I am happy to announce the ModSecurity SVM Bypass Charity Challenge. This is a SQL Injection, XSS and Path Traversal Filter Evasion Challenge. Similar to the Trustwave ModSecurity SQLi Challenge, I setup ModSecurity to proxy to the following four commercial vulnerability scanner demo sites:
Often when implementing customised ModSecurity solutions we need to extend the built-in functionality via Lua scripting. One of the disadvantages to this approach is the added latency penalty paid for not using the native rules language. When web site performance is critical for business continuity, every additional millesecond counts. The current trunk code fixes a long-standing limitation where ModSecurity needed to create a new VM for each request, which added latency every time a Lua script was executed.
The term ‘ethical hacker’ is often misrepresented as the keywords "ethical" and "hacking" are an oxymoron. A hacker is defined as an unlawful individual breaking into systems and obtaining private data without explicit authorisation. Society in general has a perception of a hacker as a person wearing a hoodie and hiding in a dark basement.
I recently had to go in to bat for a client who was told by their PCI auditor that they would fail PCI and as a result have to notify all their clients that they were not PCI compliant. The reason they failed was because the ASV scanner picked up an F5 internal IP address disclosure vulnerability that their scanning engine Nessus picked up.
If you are anything like me, when you hear "Hacking in the Year 2030" you immediately visualize hacking robot armies and UFOs to take them down with lazers and ultrasonic USB attachments via your PlayStation 10 using only changes in pupil dilation to read mental instructions of what hacking tools to launch.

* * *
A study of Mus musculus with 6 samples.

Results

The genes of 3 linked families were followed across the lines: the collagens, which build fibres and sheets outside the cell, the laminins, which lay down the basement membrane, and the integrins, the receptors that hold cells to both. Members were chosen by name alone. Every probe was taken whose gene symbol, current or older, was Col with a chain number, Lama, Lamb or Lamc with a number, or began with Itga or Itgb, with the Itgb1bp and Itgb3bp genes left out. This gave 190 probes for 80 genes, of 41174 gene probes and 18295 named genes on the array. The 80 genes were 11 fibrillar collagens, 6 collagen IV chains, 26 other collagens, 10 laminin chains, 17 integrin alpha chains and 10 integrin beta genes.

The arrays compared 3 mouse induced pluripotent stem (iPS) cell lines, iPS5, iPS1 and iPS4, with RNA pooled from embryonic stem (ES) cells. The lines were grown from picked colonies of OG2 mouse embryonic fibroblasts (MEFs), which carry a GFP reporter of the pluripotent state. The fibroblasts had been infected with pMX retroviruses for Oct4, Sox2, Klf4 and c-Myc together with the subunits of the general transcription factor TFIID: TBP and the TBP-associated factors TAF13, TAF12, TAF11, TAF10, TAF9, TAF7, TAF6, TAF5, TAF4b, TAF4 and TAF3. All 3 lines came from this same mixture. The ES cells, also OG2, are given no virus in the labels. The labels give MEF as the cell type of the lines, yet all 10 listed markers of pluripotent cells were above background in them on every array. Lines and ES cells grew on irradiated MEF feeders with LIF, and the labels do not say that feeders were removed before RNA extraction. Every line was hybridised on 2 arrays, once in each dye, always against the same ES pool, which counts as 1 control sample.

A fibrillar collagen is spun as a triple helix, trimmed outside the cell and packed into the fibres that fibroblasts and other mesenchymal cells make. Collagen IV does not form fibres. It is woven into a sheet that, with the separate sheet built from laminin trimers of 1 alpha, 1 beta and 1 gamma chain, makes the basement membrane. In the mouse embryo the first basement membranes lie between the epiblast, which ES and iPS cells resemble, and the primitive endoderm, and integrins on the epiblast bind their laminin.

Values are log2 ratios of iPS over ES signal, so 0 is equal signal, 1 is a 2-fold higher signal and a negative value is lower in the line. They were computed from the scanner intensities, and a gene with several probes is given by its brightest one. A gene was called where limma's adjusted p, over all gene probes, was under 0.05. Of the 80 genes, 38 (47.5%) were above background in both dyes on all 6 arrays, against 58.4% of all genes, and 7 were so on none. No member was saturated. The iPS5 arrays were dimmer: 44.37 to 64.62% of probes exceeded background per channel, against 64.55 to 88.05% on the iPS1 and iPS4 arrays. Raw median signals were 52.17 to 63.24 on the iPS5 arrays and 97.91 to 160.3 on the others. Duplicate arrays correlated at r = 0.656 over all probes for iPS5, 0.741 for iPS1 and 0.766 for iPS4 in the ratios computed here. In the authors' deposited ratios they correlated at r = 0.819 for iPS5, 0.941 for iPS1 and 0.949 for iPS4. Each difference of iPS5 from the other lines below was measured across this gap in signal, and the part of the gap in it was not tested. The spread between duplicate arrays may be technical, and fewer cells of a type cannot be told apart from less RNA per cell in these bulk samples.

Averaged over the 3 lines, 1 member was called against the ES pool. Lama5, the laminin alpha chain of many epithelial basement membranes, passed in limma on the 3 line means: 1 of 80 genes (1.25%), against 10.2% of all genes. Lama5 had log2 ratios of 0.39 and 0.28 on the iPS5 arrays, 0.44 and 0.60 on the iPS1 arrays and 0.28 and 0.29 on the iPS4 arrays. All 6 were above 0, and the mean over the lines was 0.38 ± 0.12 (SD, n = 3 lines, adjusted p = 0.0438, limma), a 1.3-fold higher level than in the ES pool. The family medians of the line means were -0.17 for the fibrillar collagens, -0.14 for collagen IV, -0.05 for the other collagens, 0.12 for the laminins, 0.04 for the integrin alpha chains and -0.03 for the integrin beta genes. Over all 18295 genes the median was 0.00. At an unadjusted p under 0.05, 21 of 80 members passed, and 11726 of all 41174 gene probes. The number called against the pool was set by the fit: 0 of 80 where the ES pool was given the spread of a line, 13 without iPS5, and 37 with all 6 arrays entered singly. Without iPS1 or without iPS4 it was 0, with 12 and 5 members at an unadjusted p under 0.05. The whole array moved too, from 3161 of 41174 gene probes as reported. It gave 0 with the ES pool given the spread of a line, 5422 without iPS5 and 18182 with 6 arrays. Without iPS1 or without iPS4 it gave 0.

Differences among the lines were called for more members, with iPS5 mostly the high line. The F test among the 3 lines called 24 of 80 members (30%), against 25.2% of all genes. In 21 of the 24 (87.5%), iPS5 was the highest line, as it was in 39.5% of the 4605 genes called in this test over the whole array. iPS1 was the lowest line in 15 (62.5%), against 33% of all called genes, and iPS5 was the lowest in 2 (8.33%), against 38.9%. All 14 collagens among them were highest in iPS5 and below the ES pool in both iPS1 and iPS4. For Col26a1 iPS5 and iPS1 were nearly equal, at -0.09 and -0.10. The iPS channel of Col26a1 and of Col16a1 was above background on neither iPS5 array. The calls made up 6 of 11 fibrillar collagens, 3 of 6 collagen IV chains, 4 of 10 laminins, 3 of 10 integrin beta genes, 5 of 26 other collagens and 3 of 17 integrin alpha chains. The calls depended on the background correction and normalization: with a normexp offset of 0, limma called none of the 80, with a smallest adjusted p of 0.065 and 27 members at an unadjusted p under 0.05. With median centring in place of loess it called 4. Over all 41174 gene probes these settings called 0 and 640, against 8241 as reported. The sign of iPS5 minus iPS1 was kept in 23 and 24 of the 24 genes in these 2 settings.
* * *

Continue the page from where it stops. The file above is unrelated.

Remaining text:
Well this technology may very well be around in 2030, but unfortunately most of you are more likely to still be exploiting Cross Site Scripting (XSS) vulnerabilities in the web interface of the killer robots.
It's a question that I'm sure many fellow IT people out there have been faced with. Whether you're on ground zero doing systems administration and a server dies or wondering why all of a sudden orders on your website have slumped. It could literally be anything; a faulty device, software crash... maybe you got hacked? How do you know? Worse still, maybe something bad is happening right now and you haven't even realised yet!
Richard Brown, Pure Hacking dedicated security consultant and all round security fanatic impressed the conference organisers and participants at this year's DefCon with his innovative DefCon badge hack.
Pure Hacking's CTO, Ty Miller was invited to present at Black Hat 2012 for his third appearance as an official trainer at the world’s most high profile security event. Ty originally presented his development of “Reverse DNS Tunneling Shellcode” at Black Hat 2008 and has been an official part of the program with "The Shellcode Lab" since 2011.